New Hampshire has a population of 1,324,575, which has grown by 7.18% in the last 10 years. Nicknamed the "Granite State," its capital is Concord, though its most populous city is Manchester.

The national trend for chemical engineers sees this job pool shrinking by about 2.0% over the next eight years. In general, chemical engineers design chemical plant equipment and devise processes for manufacturing chemicals and products, such as gasoline, synthetic rubber, and pulp, by applying principles and technology of chemistry, physics, and engineering.

The income of a chemical engineer is about $35 hourly or $73,390 yearly on average in New Hampshire. In the U.S. as a whole, their income is about $40 hourly or $84,680 per year on average. Chemical engineers earn less than people working in the category of Engineering generally in New Hampshire and more than people in the Engineering category nationally. People working as chemical engineers can fill a number of jobs, such as: scientist, process development director, and commissioning engineer.

In 2008, there were a total of 857,040 jobs in New Hampshire. The average annual income was $43,423 in 2008, up from $42,665 the preceding year. The unemployment rate in New Hampshire was 6.3% in 2009, which has grown by 2.4% since the previous year. Roughly 28.7% of New Hampshire residents have college degrees, which is higher than the national average.

The top industries in New Hampshire include retail trade, motor vehicle dealers, and automobile dealers. Notable tourist attractions include the Currier Museum of Art, the L & M Amusement & Vending CO, and the Manchester Historic Association.

CITIES WITH Chemical Engineer OPPORTUNITIES IN New Hampshire


JOB DESCRIPTION: Chemical Engineer

Chemical Engineer video from the State of New Jersey Dept. of Labor and Workforce Development

In general, chemical engineers design chemical plant equipment and devise processes for manufacturing chemicals and products, such as gasoline, synthetic rubber, and pulp, by applying principles and technology of chemistry, physics, and engineering.

Every day, chemical engineers are expected to be able to listen to and understand others in meetings. They need to read and understand documents and reports. It is also important that they articulate ideas and problems.

Similar jobs with educational opportunities in New Hampshire include:

  • Aerodynamics Engineer. Perform a variety of engineering work in designing, constructing, and testing aircraft, missiles, and spacecraft. May conduct basic and applied research to evaluate adaptability of materials and equipment to aircraft design and manufacture. May recommend improvements in testing equipment and techniques.
  • Biomedical Engineer. Apply knowledge of engineering, biology, and biomechanical principles to the design, development, and evaluation of biological and health systems and products, such as artificial organs, prostheses, instrumentation, medical information systems, and health management and care delivery systems.
  • Civil Engineer. Perform engineering duties in planning, designing, and overseeing construction and maintenance of building structures, and facilities, such as roads, railroads, airports, bridges, harbors, channels, dams, irrigation projects, pipelines, power plants, water and sewage systems, and waste disposal units. Includes architectural, structural, and geo-technical engineers.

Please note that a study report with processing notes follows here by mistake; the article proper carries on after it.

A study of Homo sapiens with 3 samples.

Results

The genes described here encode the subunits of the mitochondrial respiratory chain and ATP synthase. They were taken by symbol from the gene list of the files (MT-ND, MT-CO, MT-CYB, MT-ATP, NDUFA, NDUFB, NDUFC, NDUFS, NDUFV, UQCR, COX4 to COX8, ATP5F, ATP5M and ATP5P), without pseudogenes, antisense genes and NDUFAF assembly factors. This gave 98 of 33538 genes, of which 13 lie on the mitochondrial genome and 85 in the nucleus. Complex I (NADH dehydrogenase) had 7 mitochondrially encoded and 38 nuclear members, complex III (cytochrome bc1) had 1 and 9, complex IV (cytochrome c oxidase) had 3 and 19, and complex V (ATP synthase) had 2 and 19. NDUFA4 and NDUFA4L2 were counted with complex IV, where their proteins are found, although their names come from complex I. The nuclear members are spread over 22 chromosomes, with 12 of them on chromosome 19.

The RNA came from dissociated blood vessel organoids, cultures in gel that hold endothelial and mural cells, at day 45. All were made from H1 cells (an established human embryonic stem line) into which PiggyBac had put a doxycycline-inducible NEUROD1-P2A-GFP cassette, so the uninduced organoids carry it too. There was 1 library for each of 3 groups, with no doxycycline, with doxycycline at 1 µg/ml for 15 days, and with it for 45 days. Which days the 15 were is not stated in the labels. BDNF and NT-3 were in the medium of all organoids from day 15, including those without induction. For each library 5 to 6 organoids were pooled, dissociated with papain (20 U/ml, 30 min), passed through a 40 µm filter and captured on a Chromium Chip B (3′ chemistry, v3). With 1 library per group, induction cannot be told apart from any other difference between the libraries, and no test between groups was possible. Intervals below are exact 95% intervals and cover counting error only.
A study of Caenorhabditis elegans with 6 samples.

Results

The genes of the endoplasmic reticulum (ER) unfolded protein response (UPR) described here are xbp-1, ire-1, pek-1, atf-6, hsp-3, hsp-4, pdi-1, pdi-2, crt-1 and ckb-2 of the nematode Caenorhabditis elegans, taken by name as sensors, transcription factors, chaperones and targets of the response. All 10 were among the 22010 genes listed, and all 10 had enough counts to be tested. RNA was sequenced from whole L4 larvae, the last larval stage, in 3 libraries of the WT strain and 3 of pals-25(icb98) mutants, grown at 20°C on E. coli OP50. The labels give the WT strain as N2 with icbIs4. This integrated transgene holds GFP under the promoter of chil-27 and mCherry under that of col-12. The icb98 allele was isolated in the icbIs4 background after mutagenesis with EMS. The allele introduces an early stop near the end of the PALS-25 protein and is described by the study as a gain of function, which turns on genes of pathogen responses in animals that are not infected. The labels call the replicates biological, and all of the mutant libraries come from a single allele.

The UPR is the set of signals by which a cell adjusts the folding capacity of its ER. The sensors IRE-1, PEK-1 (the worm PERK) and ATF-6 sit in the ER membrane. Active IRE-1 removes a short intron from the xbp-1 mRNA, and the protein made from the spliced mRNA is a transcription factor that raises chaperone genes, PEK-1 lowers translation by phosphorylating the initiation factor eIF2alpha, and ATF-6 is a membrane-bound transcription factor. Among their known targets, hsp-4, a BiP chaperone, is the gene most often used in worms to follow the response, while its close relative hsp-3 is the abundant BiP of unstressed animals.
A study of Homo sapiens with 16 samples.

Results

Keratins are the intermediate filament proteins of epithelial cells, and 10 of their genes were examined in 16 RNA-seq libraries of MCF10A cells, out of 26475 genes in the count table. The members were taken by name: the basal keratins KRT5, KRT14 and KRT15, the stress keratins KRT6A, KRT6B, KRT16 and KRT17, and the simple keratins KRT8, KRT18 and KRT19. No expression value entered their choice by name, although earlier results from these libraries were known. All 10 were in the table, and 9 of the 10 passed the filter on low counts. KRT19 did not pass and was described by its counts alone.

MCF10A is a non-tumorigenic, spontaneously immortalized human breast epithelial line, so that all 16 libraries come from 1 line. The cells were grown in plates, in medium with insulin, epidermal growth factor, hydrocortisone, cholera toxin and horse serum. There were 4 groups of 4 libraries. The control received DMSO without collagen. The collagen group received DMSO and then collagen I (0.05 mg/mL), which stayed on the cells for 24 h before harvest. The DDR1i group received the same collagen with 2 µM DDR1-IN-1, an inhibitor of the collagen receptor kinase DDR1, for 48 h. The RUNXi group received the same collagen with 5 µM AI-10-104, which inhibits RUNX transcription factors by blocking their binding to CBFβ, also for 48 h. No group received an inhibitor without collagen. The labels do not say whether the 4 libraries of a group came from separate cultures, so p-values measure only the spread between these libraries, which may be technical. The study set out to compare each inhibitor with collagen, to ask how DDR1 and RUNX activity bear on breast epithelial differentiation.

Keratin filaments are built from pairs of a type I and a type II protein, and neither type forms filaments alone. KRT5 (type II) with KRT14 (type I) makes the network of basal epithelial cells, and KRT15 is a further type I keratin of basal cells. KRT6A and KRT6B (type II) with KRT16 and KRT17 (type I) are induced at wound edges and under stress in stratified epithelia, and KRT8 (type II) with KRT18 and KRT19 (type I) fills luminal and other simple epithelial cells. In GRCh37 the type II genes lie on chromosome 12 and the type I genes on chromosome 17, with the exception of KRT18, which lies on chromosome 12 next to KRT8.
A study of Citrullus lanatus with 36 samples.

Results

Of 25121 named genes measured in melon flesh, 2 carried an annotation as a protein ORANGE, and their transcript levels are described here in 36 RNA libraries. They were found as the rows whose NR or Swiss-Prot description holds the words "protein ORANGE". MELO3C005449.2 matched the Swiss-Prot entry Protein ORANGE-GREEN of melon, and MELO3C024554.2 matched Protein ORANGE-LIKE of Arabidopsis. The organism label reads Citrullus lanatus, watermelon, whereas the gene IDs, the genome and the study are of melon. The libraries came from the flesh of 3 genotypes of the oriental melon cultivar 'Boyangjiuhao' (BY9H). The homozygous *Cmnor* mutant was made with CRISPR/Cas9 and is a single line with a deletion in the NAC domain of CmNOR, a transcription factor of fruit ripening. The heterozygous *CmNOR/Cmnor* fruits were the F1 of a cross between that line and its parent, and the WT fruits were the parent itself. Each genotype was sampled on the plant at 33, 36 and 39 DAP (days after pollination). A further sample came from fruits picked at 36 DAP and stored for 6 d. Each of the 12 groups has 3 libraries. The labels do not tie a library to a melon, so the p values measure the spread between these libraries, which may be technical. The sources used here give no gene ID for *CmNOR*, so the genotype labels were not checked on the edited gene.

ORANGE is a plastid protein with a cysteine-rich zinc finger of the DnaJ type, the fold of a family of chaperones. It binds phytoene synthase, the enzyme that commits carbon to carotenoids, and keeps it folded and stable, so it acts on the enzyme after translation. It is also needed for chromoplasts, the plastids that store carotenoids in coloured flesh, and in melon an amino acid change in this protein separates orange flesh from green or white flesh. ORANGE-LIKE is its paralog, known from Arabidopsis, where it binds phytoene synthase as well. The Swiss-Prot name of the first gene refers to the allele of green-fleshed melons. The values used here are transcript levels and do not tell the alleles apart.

• Computer Engineer. Research, design, and test computer or computer-related equipment for commercial, industrial, or scientific use. May supervise the manufacturing and installation of computer or computer-related equipment and components.
  • Electrical Engineer. Design, develop, or supervise the manufacturing and installation of electrical equipment, components, or systems for commercial, industrial, or scientific use.
  • Electronics Engineer. Research, design, and test electronic components and systems for commercial, industrial, or scientific use utilizing knowledge of electronic theory and materials properties. Design electronic circuits and components for use in fields such as telecommunications, aerospace guidance and propulsion control, acoustics, or instruments and controls.
  • Fire Prevention Research Engineer. Research causes of fires, determine fire protection methods, and design or recommend materials or equipment such as structural components or fire-detection equipment to assist organizations in safeguarding life and property against fire, explosion, and related hazards.
  • Health, Safety, and Environment Manager. Plan, implement, and coordinate safety programs, requiring application of engineering principles and technology, to prevent or correct unsafe environmental working conditions.
  • Mechanical Engineer. Perform engineering duties in planning and designing tools, engines, and other mechanically functioning equipment. Oversee installation, operation, and repair of such equipment as centralized heat, gas, and steam systems.
  • Product Safety Engineer. Develop and conduct tests to evaluate product safety levels and recommend measures to reduce or eliminate hazards.

LOCATION INFORMATION: New Hampshire

New Hampshire
New Hampshire photo by JohnJHenderson

New Hampshire has a population of 1,324,575, which has grown by 7.18% in the last 10 years. Nicknamed the "Granite State," its capital is Concord, though its biggest city is Manchester. In 2008, there were a total of 857,040 jobs in New Hampshire. The average annual income was $43,423 in 2008, up from $42,665 the previous year. The unemployment rate in New Hampshire was 6.3% in 2009, which has grown by 2.4% since the previous year. Approximately 28.7% of New Hampshire residents have college degrees, which is higher than the national average.

The top industries in New Hampshire include retail trade, motor vehicle dealers, and automobile dealers. Notable tourist attractions include the Tri, the Queen City Speedway, and the See.